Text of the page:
Recently my article “Marriage Is Like Ice Cream” was published by Today’s Christian Woman. In the article I talk about the seasons of my marriage in terms of ice cream flavors:
When I think back on the time I’ve been married, I mark the time not so much in terms of years or months or seasons but in ice cream flavors. Classic vanilla bean. Chocolate coconut. Peanut butter swirl. Cinnamon waffle. Eggnog spice. Double dark chocolate.
I make the claim that marriage is a lot like ice cream—how it’s not just a mixture of different ingredients but that somewhere along the way, an altogether new entity is created.
As Daniel and I have experimented with various ice cream recipes, I’ve pondered what an appropriate metaphor it is for marriage. These ingredients—sweet grains of sugar, rich cream, eggs whipped to froth—taste completely different individually. But combine them, heat to 160 degrees, and churn in a frozen bowl for an hour, and you get an utterly unique sensation. It’s not just five things mixed together, but something altogether new. The five melding into one.
After my piece was published, I had a slew of requests for ice cream recipes (okay, there were two, but still…). I wanted to comply immediately, but there were two small glitches: (1) In all the times Daniel and I have used our ice cream maker, I’ve made ice cream approximately zero times. The truth is, Chef Daniel is the culinary genius behind it all, and my self-appointed job is to wash the dishes (and, of course, do the taste testing). And (2) Daniel is so creative that he doesn’t use a recipe and he never makes the same thing twice—he just looks around the pantry for inspiration and works his dairy magic.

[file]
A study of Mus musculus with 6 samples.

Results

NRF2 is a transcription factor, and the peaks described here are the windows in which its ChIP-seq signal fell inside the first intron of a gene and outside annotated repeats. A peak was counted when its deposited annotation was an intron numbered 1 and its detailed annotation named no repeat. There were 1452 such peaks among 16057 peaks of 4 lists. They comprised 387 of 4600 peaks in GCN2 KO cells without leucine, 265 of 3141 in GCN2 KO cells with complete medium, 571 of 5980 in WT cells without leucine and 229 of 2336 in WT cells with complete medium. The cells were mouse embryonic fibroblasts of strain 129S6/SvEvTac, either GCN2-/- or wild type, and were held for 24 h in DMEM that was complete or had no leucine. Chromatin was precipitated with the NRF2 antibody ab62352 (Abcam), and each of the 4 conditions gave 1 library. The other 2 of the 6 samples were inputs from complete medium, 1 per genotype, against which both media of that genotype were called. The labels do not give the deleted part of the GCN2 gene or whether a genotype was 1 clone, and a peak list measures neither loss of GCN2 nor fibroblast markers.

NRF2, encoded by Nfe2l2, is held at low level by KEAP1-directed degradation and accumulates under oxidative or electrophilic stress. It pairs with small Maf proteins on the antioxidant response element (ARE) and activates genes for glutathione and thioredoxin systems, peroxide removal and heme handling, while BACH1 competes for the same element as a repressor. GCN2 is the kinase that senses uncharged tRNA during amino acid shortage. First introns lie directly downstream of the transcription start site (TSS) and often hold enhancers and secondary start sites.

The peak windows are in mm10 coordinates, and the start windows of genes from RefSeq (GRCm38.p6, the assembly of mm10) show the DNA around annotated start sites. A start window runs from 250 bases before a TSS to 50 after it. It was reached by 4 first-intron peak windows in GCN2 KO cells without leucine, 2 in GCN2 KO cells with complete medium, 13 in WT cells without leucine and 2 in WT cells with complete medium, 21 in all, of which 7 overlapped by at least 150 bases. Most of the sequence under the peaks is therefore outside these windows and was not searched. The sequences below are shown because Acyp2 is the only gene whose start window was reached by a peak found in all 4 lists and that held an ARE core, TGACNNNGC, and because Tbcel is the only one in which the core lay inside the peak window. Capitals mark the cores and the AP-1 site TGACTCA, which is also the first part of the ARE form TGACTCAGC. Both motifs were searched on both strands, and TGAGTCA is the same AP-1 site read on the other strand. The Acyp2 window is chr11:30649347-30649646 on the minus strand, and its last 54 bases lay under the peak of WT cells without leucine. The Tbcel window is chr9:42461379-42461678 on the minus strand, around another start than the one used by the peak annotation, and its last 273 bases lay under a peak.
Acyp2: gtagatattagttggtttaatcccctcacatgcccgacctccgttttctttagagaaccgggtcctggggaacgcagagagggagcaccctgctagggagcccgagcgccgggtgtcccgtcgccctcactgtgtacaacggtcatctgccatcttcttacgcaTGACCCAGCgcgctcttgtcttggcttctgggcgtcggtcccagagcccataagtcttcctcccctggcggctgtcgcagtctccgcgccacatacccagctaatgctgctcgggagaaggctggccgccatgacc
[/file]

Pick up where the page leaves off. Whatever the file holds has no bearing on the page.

But I was finally able to pin him down to some measurements and step-by-step instructions. This recipe was a recent favorite, and we hope you enjoy it. (Even if you don’t make it yourself, Daniel’s witty asides are pretty entertaining in themselves.)
Confetti Cake Ice Cream
- 1 ¾ cups heavy whipping cream
- 2 ¼ cups whole milk (aka the good stuff!)
- ¾ cups sugar
- 4 egg yolks
- 1 ¼ cups confetti cake mix (use 1 ½ cups to make it really sweet!)*
- pinch of salt
- In a medium saucepan over medium heat, whisk together milk, cream, half the sugar, and salt. Bring the mixture to close to a boil, but don’t let it boil over.
- While the cream and milk mixture is heating, mix the egg yolks and remaining sugar in a medium size bowl.
- When the milk and cream mixture has come close to a boil, remove from heat and scoop out 1 cup of the mixture. Slowly pour it into the egg yolk and sugar mixture and whisk it together. (Make sure to keep whisking—we’re not making scrambled eggs here, friends!) Continue scooping in the heated milk and cream mixture and whisk into the egg yolk and sugar mixture until it’s all combined.
- Pour the whole mixture back into the saucepan and return to stove over medium heat. Use a thermometer to check the temperature and continue heating the mixture until you reach 160 degrees F. (Salmonella is not our friend!) If you don’t have a thermometer, you can use a wooden spoon, constantly stirring the mixture until it thickens slightly and is able to coat the back of the spoon. This should only take a couple of minutes. Don’t boil, or the yolks will overcook.
- Add confetti cake mix and whisk in until smooth.
- Let the mixture cool and add vanilla extract.
- Place mixture in sealed container in the refrigerator for 24 hours.
- Place the ice cream maker’s freezer bowl into the freezer for 24 hours.
- Optional: 1-2 hours before you plan to make the ice cream, place cooled mixture into the freezer.
- Turn on the ice cream maker and pour the mixture into the freezer container. Let the mix thicken (about 20-25 minutes).
- Have your wife taste it so she can give it the thumbs-up.
- Place ice cream in freezer-safe container and place in freezer for at least 3 hours.
- Eat and enjoy!
*We were dismayed to find that when we cooked the mixture, the confetti colors disappeared. We recommend adding sprinkles to the scoops when serving.
Hope you enjoy the ice cream—and as you do, marvel at God’s creative work at merging two into one.